Johnny Cooke turns suburban rage into throat-searing riches on another quintessentially British debut
Britain, Britain, Britain. When Tom Baker says it on the telly, it’s supposed to be a triple-toll of celebration. But as we look around us, doesn’t it start sounding like a weary sigh of admonishment? Aren’t we starting to get a little bit fucked, punch-drunk, reeling and wretched? Aren’t our streets becoming a Dickensian nightmare of hoodied-up happy-slappy hoodlums filming us with stolen phones, beaming pre-teen mums displaying their latest progeny for horrified tabloids and terror wherever we turn? It’s hell out there. But what can you do? Write songs about it?
Well, hey, if it keeps them off the streets. Because as Britain curdles and cracks, so our bands start whipping up choice street-level agit-pop anthems. The Kaisers’ ‘I Predict A Riot’ is the obvious benchmark. Roll Deep’s audacious ‘The Avenue’, Maximo Park’s ‘Graffiti’, the Hard-Fi album, The Rakes, Roots Manuva’s ‘The Falling’, MIA’’s ‘Bucky Done Gun’… all vivid, brilliant documentaries of a land going to the dogs.
Talking of which, here comes the debut from Johnny Cooke’s bridgers of the north/south divide, simmered in dead-end jobs and a seething sense of injustice, steaming about the minutiae of relationships and the world at large until something blows. And ‘Turn Against The Land’ does blow (in a good way). While Hard-Fi’s brilliant album tacitly celebrates and finds comfort in everything that it moves to condemn, there’s little celebration here. Life sucks, love is transitory, there’s nothing left – which is probably why it’s not called ‘This Land, It’s Swings And Roundabouts, Innit?’.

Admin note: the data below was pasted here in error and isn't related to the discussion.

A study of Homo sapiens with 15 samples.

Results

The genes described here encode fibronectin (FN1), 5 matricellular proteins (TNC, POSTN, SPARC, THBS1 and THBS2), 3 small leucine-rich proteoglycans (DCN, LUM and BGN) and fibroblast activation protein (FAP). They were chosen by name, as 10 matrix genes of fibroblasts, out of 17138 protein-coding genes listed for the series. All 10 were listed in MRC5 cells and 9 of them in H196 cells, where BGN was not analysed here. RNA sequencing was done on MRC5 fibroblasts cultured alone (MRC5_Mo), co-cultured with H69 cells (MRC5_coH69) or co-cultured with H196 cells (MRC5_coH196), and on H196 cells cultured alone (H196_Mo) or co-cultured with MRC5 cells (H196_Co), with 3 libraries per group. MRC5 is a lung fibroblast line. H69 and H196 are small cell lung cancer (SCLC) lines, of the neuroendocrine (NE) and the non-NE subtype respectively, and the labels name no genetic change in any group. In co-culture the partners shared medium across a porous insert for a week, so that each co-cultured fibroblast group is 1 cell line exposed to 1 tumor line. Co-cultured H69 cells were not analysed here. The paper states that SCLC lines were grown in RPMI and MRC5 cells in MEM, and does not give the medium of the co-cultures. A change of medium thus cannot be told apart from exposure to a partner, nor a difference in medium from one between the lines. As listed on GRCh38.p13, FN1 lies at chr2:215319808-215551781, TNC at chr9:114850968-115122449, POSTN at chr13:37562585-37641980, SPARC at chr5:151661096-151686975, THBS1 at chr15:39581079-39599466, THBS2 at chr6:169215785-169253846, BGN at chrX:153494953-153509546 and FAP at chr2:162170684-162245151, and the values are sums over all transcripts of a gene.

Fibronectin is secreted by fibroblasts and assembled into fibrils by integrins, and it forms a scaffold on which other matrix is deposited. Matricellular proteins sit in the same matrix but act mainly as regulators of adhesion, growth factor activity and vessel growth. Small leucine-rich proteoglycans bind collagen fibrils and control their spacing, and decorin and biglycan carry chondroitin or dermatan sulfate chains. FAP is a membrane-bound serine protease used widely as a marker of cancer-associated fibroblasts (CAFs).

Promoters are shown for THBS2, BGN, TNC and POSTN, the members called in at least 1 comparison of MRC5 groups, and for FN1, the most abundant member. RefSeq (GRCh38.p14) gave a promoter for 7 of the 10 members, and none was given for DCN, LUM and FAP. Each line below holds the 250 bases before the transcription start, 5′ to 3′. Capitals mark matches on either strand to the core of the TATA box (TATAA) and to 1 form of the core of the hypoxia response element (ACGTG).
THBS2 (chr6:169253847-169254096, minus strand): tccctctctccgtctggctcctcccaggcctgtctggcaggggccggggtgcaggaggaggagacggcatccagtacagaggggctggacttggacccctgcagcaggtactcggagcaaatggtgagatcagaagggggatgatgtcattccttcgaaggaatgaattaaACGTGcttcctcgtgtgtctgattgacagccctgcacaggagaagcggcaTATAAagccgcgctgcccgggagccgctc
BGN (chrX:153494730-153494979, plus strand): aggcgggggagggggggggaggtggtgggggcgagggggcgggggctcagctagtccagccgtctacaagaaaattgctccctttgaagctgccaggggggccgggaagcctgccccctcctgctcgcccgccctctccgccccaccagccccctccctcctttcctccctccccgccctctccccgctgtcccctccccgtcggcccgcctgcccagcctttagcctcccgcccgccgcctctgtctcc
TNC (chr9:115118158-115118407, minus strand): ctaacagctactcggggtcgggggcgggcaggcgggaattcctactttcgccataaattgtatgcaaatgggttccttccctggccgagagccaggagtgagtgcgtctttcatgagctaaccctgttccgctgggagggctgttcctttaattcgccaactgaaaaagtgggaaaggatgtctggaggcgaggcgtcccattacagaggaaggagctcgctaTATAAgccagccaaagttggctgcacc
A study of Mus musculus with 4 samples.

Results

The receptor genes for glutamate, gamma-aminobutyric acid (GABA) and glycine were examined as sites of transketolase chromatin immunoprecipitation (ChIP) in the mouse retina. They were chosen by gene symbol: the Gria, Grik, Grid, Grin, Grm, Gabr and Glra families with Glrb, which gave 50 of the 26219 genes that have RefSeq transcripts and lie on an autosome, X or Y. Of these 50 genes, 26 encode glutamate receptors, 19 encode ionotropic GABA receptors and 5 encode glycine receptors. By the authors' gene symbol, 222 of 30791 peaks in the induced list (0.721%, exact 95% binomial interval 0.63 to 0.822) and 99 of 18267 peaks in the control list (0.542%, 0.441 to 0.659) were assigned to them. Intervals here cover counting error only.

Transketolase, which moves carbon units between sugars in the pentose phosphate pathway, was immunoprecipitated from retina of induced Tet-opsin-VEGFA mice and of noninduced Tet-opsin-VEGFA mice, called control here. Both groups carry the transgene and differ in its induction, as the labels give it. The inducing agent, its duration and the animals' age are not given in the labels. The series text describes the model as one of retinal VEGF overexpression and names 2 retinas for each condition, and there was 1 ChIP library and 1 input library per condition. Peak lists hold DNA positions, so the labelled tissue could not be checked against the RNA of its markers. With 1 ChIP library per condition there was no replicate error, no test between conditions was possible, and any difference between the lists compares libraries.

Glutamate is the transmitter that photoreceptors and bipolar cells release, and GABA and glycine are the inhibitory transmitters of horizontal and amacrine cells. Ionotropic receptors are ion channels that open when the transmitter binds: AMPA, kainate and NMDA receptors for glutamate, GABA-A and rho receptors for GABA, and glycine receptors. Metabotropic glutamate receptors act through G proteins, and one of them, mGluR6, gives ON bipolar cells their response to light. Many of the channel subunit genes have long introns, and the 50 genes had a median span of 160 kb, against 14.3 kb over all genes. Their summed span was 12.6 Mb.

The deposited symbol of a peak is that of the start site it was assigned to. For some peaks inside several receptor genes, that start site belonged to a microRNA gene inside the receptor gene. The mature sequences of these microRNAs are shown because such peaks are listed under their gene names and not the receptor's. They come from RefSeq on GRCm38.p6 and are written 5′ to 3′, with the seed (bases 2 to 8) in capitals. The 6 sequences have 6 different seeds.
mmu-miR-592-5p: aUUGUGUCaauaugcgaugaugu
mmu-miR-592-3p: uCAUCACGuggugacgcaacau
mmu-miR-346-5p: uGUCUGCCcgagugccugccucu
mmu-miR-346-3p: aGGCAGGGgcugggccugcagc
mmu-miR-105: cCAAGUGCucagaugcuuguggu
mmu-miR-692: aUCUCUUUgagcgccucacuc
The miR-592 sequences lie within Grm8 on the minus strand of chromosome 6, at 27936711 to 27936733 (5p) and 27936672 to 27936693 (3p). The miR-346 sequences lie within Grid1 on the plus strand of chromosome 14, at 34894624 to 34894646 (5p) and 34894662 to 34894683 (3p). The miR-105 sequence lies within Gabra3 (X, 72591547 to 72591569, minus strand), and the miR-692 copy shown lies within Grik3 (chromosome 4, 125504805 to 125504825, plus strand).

There are maybe 20 seconds of icy, echo-chamber calm at the start of ‘Turn…’ and then we’re off, never to stop running until the last few breaths. ‘London Bridge’ is vicious pop-as-anger-management, and when Johnny sighs, “Take me home…” at the close, he sounds like he’s forgotten where that might be. He’s better though when he’s not keeping a lid on it – ‘End Of An Era’ is the kind of break-up record no sane human being would ever want written about them (“What a wanker! What a wanker! I’m getting away from here!”); ‘Tarred And Feathered’ is a gigantic anthem of defiance in the face of doom, steamrollering head-on at the iniquities of life. Even when Johnny turns romantic, as on ‘Donkey’ (“Shed your load! Your donkey’s come home!”), he sounds As Mad As Hell And Not Going To Take It Any More™. It takes the tragically abrupt closing title track to add a few strokes of a more reflective, melancholy brush. But then, if it’s reflection you want, browse on some other shelf. If it’s bug-eyed reprobates with angry hearts powering aneurysm-inducing buzzsaw pop, then you’ve just found your summer’s soundtrack.